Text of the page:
The question has been asked many times before…

“Is it possible for people to multi-task?”

Productivity experts generally agree, humans just aren’t made for multi-tasking. Yet many people claim they are great at it. We even see job descriptions with qualifications like: “seeking someone that can prioritize and multi-task effectively.” 

In order to have an opinion on the matter, it’s important we first understand the definition of the word.  The term “multi-tasking” comes from modern computer lingo describing technology that processors have gained so that multiple tasks can be completed (seemingly) “at the same time”.


Sequential Tasking

With the invention of the first computers, work primarily executed in discrete tasks. Each task needed to wait for the previous to complete before the processor could load the next to execute.

A visit to the motor vehicle office will be a crushing reminder of this. You wait patiently until your number is called. When it’s your turn, your request, regardless of how complex it is, gets the undivided attention of your agent. After you license is renewed, you are on your way, and the next number is called. This way processing is designed to be fair, effective and minimize human error.



With the evolution of modern computing, we don’t have the same limitations as we do in the “human world”. Modern processors offer more scale and efficiency than people, with almost zero error too.

However, the term “multi-tasking” is somewhat of a misnomer to us humans. Computer processors don’t actually execute tasks “at the same time”. Rather, tasks are still executed individually, but the processor allows a task to efficiently “interrupt” an existing task that is waiting for something else to happen. During this waiting period, the second task is able to borrow the processor’s time and execute. When the original task is ready to resume again, it must wait for any current tasks to complete. It will then borrow time back and complete itself.

To the end user, all of this task “switching” is done so quickly, it appears as if it’s all at the same time. The truth is, processors are just extremely efficient at switching between these computer tasks.

Here’s a modern example: you walk into a coffee shop and order a cup of coffee. The barista is working on another drink order, but while the beans are grinding, he makes your drink and you’re on your way. He then finishes the first drink and everyone is happy. One could argue this talented barista made two drinks at the same time; however, we know semantically this isn’t really the case.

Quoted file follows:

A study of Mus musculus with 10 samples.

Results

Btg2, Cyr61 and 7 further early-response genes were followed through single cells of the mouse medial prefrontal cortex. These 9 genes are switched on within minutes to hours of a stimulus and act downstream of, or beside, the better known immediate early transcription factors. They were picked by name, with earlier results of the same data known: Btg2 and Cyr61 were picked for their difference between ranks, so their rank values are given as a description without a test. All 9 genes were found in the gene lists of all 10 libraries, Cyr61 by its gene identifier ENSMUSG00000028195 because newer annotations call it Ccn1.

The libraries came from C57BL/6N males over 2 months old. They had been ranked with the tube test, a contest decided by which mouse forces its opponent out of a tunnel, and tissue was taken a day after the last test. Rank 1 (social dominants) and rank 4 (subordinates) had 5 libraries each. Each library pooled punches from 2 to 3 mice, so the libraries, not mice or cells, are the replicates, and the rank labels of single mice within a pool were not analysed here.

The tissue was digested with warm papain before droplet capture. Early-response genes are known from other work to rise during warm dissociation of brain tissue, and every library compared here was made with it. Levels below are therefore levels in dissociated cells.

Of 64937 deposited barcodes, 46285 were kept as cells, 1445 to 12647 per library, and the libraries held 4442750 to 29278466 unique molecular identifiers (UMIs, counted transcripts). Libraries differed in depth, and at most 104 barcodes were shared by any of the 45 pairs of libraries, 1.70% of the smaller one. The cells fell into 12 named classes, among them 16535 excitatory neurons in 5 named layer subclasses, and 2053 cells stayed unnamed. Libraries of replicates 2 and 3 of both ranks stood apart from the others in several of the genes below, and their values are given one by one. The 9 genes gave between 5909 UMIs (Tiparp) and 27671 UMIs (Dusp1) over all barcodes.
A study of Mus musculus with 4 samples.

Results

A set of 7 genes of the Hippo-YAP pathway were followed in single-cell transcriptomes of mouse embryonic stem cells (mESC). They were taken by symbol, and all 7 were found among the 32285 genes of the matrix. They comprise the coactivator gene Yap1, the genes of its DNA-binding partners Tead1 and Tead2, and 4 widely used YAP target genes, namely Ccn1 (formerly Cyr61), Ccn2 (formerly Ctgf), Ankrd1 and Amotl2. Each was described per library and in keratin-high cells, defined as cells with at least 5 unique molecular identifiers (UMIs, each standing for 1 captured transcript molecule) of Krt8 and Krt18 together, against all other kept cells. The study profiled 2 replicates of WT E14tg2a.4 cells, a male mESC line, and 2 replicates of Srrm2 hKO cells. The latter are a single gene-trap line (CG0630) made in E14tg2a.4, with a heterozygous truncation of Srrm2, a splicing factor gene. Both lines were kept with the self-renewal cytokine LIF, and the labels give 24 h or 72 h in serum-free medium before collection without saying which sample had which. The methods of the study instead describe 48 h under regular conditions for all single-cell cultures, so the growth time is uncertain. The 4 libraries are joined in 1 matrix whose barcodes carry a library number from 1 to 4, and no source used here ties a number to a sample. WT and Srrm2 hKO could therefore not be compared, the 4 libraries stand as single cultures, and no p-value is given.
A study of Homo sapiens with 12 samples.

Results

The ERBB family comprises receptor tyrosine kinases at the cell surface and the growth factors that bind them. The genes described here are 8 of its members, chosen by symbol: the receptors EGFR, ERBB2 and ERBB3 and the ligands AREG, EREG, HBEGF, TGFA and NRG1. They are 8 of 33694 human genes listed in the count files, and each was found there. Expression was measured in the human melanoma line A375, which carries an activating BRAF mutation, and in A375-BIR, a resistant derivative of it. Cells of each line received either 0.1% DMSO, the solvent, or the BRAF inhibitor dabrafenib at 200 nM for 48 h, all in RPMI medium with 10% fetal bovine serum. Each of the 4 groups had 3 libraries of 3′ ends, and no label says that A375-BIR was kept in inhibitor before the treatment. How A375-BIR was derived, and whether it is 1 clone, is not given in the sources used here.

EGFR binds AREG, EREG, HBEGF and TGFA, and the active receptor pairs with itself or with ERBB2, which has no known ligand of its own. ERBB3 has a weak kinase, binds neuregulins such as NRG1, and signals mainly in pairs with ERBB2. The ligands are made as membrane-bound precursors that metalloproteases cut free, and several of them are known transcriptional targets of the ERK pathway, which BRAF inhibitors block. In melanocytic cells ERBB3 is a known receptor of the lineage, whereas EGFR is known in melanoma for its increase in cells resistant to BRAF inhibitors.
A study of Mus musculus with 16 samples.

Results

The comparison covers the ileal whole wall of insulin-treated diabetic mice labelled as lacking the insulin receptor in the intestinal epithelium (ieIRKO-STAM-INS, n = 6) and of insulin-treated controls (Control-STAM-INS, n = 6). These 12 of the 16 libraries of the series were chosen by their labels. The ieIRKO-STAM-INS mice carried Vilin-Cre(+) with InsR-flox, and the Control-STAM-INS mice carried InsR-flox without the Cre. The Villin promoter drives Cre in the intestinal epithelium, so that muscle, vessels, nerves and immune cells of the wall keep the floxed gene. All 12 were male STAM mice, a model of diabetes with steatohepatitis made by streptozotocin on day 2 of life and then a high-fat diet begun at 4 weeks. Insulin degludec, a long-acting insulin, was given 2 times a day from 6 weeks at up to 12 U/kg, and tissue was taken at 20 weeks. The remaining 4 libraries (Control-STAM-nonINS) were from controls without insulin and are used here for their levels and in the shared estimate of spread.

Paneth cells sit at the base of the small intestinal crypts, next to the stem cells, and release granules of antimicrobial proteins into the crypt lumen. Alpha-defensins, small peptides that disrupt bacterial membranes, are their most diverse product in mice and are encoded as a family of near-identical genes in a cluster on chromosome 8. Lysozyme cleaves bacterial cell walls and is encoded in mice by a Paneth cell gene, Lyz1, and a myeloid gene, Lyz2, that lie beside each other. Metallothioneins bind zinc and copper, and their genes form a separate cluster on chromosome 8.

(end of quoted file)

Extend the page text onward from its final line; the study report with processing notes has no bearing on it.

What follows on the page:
So when it comes to  human multi-tasking, the question still stands: “Is it possible for us to multi-task?”  The answer, yes definitely, it just depends on the types of tasks we are switching between.


It’s All About The Switching

Processors are designed to be extremely efficient at switching quickly between tasks. They are so efficient…the experience to the end user appears like things are happening at the same time, but we know now, that’s not technically the case. 

The coffee shop example is a great one for comparison. For a barista, switching between two or more similar, routine tasks is totally feasible. Another example is making dinner. Cooking 3 or 4 things at the “same time” requires a skill in switching between doing dozens of individual things, one after another (rather than all at the same time). The tolerance for little bits of error is acceptable as well.

As professionals, we are typically engaged in more complex tasks that require focus and deeper, analytical thinking. This analytical thinking requires a longer “ramp up” time and therefore does not lend itself well to this “fast switching”. Our jobs also generally have less acceptance for errors and therefore require extra attention to detail.  There is good research that shows the more complex a task is, the more that switching between them will cause a loss in productivity.

So, while we have been led to believe that multi-tasking is a desirable skill in the professional world, the resulting loss in productivity leads many to abandon this strategy as a means to “get more done”.


A Case for More Time just… Thinking

Before we get down on ourselves for being terrible multi-taskers…we need to recognize what our true strength is. Our brains were simply not designed for switching; they were designed for deep, analytical and creative thinking. This is our sweet spot. These days, we don’t spend nearly enough time dedicated to using this super-power.

Over the years, we’ve created a culture of instant gratification…one that rewards quick responses, often valuing immediacy over completeness or creativity. This go-go mentality is causing people to fall short of of our human potential to develop new ideas. We go from meeting to meeting in which we are interrupted dozens of times with text/instant messages, email alerts and more. At the end of the day, what have we accomplished? Is our badge of honor one of simply ‘being busy’.

I’m making a case that we need to build a new culture. One centered around the values teamwork and creativity. One that rewards better results, not just faster answers. We need to set aside time in our day dedicated to thinking and creativity. Some would argue, “getting actual work done”.  This is what differentiates us from computers and will continue to evolve us, solve world problems and create a future rich for generations to follow.